There is a difference in installing the "full" version of Linux Mint onto a USB flash drive versus installing it with "persistence". You can easily install any "Full" edition of the wonderful Linux Mint operating systems on to a USB flash drive using the method below. I would highly recommend using a very fast and durable USB flash drive, like the "Patriot" flash drives (available on Amazon.com), and at least 16gb or more of space, especially if you are going to run any operating system from a flash drive. The website "http://www.pendrivelinux.com/
' has details on this.
What is Persistent Linux?
It would help to have more information about your system's setup, like what processor does it use? (& is it 32-bit or 64-bit), how much memory (RAM), video card, etc... see FYI below. Your Windows System information can provide at least some of this. Depending on your hardware, you might find that one of the four standard editions of Linux Mint works better than another. You said you wanted to try "Mate", I say that's a good idea, but why not try all of them: Cinnamon, Mate, KDE (my favorite), & Xfce? You an easily "burn" a copy of each "live" installer editions of Linux Mint to DVD's or USB flash drives to "test drive" them, before actually installing them to a USB flash drive or your computer's hard drive. If you need a really good free DVD burning software for MS Windows, then I recommend "Ashampoo Burning Studio" because it is super easy to use and it works well.
Ashampoo Burning Studio FREE for Windows to create DVD's.
https://www.ashampoo.com/en/usd/pin/711 ... tudio-free
Installing Linux Mint to a USB flash drive:
You will need two USB flash drives if you are going to put the Linux Mint live installer on one USB flash drive, instead of using a DVD, and another USB flash drive to actually install a full edition of Linux Mint onto.
1. Download and install a software program in your current system that can create a bootable USB flash drive, like "unetbootin", or "Universal USB Installer".
Universal USB Installer
http://www.pendrivelinux.com/universal- ... -as-1-2-3/
2. Download a "live" installer version of any edition (and version) of Linux Mint from link below. The 17.2 editions are brand new (2015) and have "uefi" support for newer computers that use it. The 17.1 versions are very stable and can be easily upgraded to 17.2 when you want to. These installer "test drive" Mint downloads are in a ".iso" file format which can be burned to a DVD or a USB flash drive (at least 2gb).
Links to download the Linux Mint Operating Systems. You have to know if your system uses a 32-bit or 64-bit processor, check your system information, or search the web on your computer to find out.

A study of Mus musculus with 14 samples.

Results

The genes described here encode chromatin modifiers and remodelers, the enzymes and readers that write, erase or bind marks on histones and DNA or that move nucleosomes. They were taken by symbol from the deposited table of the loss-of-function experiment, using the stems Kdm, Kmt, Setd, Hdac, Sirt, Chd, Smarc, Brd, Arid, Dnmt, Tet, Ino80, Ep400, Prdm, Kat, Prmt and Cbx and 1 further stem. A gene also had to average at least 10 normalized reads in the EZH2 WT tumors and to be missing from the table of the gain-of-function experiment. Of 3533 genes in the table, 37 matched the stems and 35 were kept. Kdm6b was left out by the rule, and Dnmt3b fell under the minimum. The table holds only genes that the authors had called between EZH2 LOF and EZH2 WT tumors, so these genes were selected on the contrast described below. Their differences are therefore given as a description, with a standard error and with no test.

3. Bring up your software to create a bootable USB drive, like "unetbootin", or your DVD burning software to create a bootable DVD from the ".iso" file(s) you downloaded, and follow their simple instructions to create the bootable USB flash drive, or a bootable DVD.
4. Once you have a bootable live installer "test drive" version of Linux Mint available, then restart your computer, and boot up to your USB flash drive, or to the DVD.
5. Connect to your internet. If you are using an ethernet cable you should already be connected. If you are using WiFi wireless connection, then in the lower right corner of the system tray panel is a wireless networking icon, click this, and click your WiFi router to connect to it, enter your password, and you should be connected.
6. You can now explore the Linux Mint edition you picked, or just click the "install" desktop icon to start the installation procedure. During the installation procedure, you will be asked where to install Linux Mint, select the USB flash drive that you want to use, and follow the simple instructions. When it is finished, you can boot up to and run the "full" version of Linux Mint on your USB flash drive.
FYI: It would help everyone here to have more information about your system's setup: like what edition and version of Linux Mint are you using, Cinnamon, Mate, KDE (my favorite), or Xfce; version 17, 17.1, 17.2, or What?; 32-bit or 64-bit? Some more information about your hardware would be useful as well. You can get this information from top of your system menu's Welcome screen, System Information program(s), and the best is by typing in "inxi -Fxz
" from a console terminal prompt, which you can then copy and paste back here. This information helps anyone here in this forum to be able to answer any questions you may have better
, thanks. You can even add this information (abbreviated) to your signature using the control panel link in the above left of this forum screen; then when you post a question or reply to one, that info will automatically be there, ex: see mine and others below their posts.